When we’re kids, we don’t have the ability to do all the things we want to, though we have a certain freedom from obligation that makes them tantalizing. And when we’re adults, when we finally could, conceivably, do things like travel all over the world, sit on the couch and read a book all day, eat ice cream for dinner–we have too much obligation.
Sometimes, I wonder why it is I know that I could write a novel, or an essay, but not a short story with any depth. When I sit and read other people’s short stories, there is an effortlessness that I find unobtainable. For me, everything is either tied to what I know already, or there is not enough room in 10,000 words to create a world, and a people to populate it.
Here is what Jeanette Winterson writes in her introduction to Oranges Are Not the Only Fruit–which, if I’m really going to be honest, is probably my favorite part of the book:
“I…couldn’t bring myself to hold down any job that hinted of routine hours.”
There is something unspeakably alarming about routine hours. It is odd for me to feel this way: I like routine. I adhere to one. I can’t do anything in the morning without a bite to eat, not even the dishes. I like knowing the general rhythms of a week–Sundays that, aided by wine and a heavy meal, stretch out for ages; Mondays that feel flat in comparison (almost a buffer day: a day made to get back into the swing of things); Thursday nights when he goes to football and I curl up on the couch. But still.
She also writes this: (and I know it’s long, but I couldn’t weed much of it out without feeling I’d given something up)
“Oranges Are Not the Only Fruit was written during the winter of 1983 and the spring of 1984. I was 24. At that time I was sharing two rooms and a hip bath with the actress Vicky Licorish. She had no money, I had no money, we could not afford the luxury of a separate whites wash and so were thankful of the fashion for coloured knickers which allowed those garments most closely associated with our self-esteem, not to be grey. Dinginess is death to a writer…the damp small confines of the mediocre and the gradual corrosion of beauty and light, the compromising and the settling; these things make good work impossible. When Keats was depressed he put on a clean shirt. When Radclyffe Hall was oppressed she ordered new sets of silk underwear from Jermyn Street. Byron, as we all know, allowed only the softest, purest and whitest next to his heroic skin, and I am a great admirer of Byron. So it seemed to me in those days of no money, no job, no prospects and a determined dinginess creeping up from the lower floors of our rooming house, that there had to be a centre, a talisman, a fetish even, that secured order where there seemed to be none; dressing for dinner every night in the jungle, or the men who polished their boots to a hard shine before wading the waters of Gallipoli. To do something large and to do it well demands such observances, personal and peculiar, laughable as they often are, because they stave off that dinginess of soul that says that everything is small and grubby and nothing is really worth the effort.”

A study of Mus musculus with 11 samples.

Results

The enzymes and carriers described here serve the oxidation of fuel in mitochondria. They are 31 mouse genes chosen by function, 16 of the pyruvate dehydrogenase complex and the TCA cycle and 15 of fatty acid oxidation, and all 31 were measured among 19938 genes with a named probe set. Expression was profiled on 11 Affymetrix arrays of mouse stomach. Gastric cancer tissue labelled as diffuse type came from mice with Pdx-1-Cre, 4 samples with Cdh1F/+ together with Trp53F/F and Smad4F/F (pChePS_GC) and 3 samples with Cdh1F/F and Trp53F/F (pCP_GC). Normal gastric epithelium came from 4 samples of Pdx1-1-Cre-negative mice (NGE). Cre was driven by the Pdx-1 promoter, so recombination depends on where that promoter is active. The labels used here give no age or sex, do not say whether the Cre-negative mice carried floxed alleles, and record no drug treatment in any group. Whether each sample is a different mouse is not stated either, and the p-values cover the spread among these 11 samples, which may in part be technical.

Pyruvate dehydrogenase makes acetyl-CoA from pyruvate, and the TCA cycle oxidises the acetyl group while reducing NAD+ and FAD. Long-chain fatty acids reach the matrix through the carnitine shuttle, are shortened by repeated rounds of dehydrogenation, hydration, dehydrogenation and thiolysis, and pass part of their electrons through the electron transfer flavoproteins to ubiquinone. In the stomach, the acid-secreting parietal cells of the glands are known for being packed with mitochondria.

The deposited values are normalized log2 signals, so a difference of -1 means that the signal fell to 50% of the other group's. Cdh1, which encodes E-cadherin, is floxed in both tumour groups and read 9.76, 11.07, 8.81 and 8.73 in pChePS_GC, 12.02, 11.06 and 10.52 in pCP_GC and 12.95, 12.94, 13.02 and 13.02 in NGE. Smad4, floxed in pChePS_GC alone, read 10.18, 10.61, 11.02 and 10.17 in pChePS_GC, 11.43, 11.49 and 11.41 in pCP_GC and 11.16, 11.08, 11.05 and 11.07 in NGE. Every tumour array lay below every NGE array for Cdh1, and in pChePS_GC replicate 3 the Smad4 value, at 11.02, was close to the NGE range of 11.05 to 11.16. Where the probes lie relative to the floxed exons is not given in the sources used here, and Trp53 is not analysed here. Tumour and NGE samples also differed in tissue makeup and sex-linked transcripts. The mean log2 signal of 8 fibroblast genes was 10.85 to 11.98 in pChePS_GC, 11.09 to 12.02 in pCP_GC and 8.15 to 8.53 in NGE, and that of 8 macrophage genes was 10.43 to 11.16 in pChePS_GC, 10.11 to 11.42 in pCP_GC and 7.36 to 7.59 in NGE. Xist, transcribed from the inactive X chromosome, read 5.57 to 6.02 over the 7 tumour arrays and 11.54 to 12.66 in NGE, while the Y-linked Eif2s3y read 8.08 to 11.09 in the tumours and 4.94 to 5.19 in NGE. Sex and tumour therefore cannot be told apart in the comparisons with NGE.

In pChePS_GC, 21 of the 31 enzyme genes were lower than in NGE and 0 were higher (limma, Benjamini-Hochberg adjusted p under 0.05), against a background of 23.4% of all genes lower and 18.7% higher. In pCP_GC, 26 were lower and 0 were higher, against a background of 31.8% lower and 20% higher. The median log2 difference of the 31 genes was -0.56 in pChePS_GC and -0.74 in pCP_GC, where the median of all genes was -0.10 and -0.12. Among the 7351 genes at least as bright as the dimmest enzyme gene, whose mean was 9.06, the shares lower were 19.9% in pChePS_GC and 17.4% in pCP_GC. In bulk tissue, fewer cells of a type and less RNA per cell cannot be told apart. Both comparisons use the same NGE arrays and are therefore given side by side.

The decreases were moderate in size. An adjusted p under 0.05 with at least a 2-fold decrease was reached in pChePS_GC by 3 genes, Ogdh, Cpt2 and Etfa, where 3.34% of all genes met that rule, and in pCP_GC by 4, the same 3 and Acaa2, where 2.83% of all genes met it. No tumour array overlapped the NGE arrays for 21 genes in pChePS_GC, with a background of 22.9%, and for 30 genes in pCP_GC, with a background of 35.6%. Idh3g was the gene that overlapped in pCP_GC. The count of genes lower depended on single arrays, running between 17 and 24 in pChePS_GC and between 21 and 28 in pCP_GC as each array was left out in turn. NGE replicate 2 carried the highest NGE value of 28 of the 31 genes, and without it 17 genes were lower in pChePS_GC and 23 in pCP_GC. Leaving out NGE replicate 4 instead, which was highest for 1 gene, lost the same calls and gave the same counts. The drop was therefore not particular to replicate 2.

After I read this, I thought it is probably why, before I sit down to do a task, particularly to write something, I must always clean up first. I do the dishes, I reorganize the lounge to my liking, I file papers away, I wipe the kitchen counters and hang the laundry out to dry. Because it is summer and our energy bills are low, I sometimes do do a separate white wash. Then I put my focus where it’s meant to be; but never before. Despite my Californian propensity towards nudity (bare feet, sandaled feet, short shorts, short skirts, and very little clothing at all when I’m home alone, sometimes, or in the hours just before bed) I loathe to work without proper attire. If I really want to get something done, I get dressed.
“To do something large and to do it well demands such observances…”
Surface truths: I first learned this phrase when I was reading Conrad’s Heart of Darkness in the 12th grade. Surface truths are what keep you afloat, I learned. They are things like polishing your boots before sloping through a muddy, bloody war, or–less dramatically–cleaning your kitchen before sitting down to lose yourself in a mess of words, even though you don’t have a handle on anything else, like rent or a proper job. In Conrad, one colonist at a far outposts of the jungle paid such meticulous attention to his own appearance that he looked, despite being away for years, as if he was just freshly arrived from Europe; he did it so as not to go mad, so as not to let the wilderness infringe. Another man read the same book over and over, obsessively, so that he would not forget himself. The further they journeyed down the river by steamboat, the more ludicrous such things seemed; and the more necessary they became.
In Hurst Street, we have finally found a decorator to repaint our house, to replace the mouldy linoleum in the bathroom, to repair the tiny crack in our bedroom wall that has been bothering me of late. We will not (indeed, do not) live in dinginess!